REGION — A popular after-school program has provided learning and enrichment opportunities for students in Farmington and Wilton for more than three years. The program, 21st Century Kids of F.R.A.N.K.L.I.N., is offered to children in kindergarten through fifth grade enrolled at Cascade Brook School, W.G. Mallett School, Academy Hill School, and G.D. Cushing School.
F.R.A.N.K.L.I.N., which stands for Friends Reducing Abuse and Neglect of Kids Living in our Neighborhoods, is funded by a $1.5 million 21st Century grant received in 2015.
Programs take place at Mallett and Academy Hill schools Monday through Thursday, 3 to 5:30 p.m. There is also an option for students to enroll in summer and vacation programs.
The 21st Century program is administered by Franklin County Children’s Task Force in partnership with Regional School Unit 9.
There is plenty of fun and learning to be had. The program focuses on Science, Technology, Engineering, and Math, or S.T.E.M. activities. These activities are woven into art projects and gym time.
“The afternoon starts with snack time and then we break into groups by grade level,” said Elizabeth Staples, Mallett school site coordinator.
Homework help is offered three times a week. University of Maine at Farmington Early Childhood Education students offer one-on-one literacy tutoring during the program in the fall.
“These preservice teachers and young students really have the chance to form a relationship during tutoring,” said Kathryn Will-Dubyak, UMF assistant professor of literacy education.
The program also offers short-term clubs. The clubs give participants a voice and a choice said FCCTF Community Coordinator Rileigh Blanchet.
“Students work together to come up with club ideas and vote on submissions to pick which three clubs will be offered,” said Blanchet. “They work with the staff to plan the club, so kids have a real investment. Giving kids a choice is a key part of the grant.”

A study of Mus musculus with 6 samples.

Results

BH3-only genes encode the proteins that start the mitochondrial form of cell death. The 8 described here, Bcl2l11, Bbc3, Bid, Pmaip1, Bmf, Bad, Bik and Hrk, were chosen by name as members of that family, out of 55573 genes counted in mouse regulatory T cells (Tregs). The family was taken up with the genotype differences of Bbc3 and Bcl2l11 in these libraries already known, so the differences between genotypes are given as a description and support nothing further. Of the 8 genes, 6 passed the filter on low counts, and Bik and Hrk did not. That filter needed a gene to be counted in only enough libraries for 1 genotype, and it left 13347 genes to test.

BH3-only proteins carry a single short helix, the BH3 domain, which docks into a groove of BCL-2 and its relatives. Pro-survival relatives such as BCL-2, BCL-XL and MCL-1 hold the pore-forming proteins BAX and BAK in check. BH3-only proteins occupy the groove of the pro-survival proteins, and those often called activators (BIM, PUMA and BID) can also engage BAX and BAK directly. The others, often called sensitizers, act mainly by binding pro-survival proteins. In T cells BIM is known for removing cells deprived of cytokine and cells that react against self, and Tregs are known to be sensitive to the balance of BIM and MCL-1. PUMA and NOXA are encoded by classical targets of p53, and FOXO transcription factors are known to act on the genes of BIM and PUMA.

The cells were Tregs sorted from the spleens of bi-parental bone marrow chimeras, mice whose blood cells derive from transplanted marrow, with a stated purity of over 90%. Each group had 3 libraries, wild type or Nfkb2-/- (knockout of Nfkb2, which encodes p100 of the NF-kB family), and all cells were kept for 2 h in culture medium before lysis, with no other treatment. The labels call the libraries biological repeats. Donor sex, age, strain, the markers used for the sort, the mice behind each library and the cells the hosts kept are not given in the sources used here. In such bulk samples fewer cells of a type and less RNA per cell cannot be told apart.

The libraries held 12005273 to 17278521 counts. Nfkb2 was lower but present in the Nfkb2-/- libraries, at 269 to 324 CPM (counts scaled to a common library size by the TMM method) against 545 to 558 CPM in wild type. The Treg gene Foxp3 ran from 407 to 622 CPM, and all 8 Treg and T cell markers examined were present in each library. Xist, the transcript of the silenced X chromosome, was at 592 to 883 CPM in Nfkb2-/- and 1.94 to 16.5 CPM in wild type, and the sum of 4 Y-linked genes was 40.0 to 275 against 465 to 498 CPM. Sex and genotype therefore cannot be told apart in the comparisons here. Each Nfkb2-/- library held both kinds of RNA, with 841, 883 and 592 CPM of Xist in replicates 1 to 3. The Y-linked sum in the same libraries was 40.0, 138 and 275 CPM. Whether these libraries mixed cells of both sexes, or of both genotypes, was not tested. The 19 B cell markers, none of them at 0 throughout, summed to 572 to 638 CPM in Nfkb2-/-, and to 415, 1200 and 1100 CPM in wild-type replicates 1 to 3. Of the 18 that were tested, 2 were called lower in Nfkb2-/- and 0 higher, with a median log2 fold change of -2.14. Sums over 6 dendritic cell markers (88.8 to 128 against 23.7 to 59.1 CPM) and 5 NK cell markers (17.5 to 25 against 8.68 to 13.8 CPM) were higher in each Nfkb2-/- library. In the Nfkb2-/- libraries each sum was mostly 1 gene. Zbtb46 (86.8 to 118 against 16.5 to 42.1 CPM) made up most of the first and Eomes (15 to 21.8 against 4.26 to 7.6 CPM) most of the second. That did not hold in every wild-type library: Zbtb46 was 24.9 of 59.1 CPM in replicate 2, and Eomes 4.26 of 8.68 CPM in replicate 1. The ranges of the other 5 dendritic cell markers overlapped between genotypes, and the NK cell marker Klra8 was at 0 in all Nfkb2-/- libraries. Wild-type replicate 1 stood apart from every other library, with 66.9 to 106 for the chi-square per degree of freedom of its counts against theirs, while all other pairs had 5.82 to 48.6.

Clubs are typically held one day a week for six weeks. Past clubs have included board games, free art, cooking, science and a junior police academy.
“We try to get community partners to come in and help the clubs. In the instance of the Police Academy, we never could have pulled it off without Farmington Police Officer Darin Gilbert,” Staples said.
Meadow Bean, 8, of New Vineyard took part in the Police Academy club. “I really liked it a lot,” she said. “We learned about not bullying. I like the after school program because there are a lot of people here to talk to and play with.”
Art activities are project-based with multiple steps, said Staples. A recent project including dyeing salt as part of a science experiment. The next time the group gathered they drew pictures. Young artists planned to use the colored salt to outline their drawings in the final step.
Wesson Corson, 6, of Farmington said he likes art but he also likes playing board games. “We played one game but made up how to play. We didn’t know how and just made it all up. It was fun,” he said as he drew a picture.
“A lot of kids didn’t know how to play Uno or Skip-bo,” said Staples. “Now there are tables full of kids playing those games during free time.”
Zeiva Bivens, 8 of Farmington said she likes gym the most. “We play games like hamster hunt, sharks and minnows, and pac man,” she said.
The Mallett school program averages about 50 participants a day, although there are 90 students enrolled. Students have the flexibility of enrolling in the program but also taking part in sports, said Blanchet.
The program offers open enrollment. Blanchet said all a parent had to do was fill out an application and return it to FCCTF office, 113 Church St. There are no income guidelines in place to take part in the program. Currently no fee is charged. However, beginning Jan. 1, a sliding scale fee will be used to help offset costs and ensure program sustainability.
For more information or an application, visit www.fcctf.org or call 778-6960.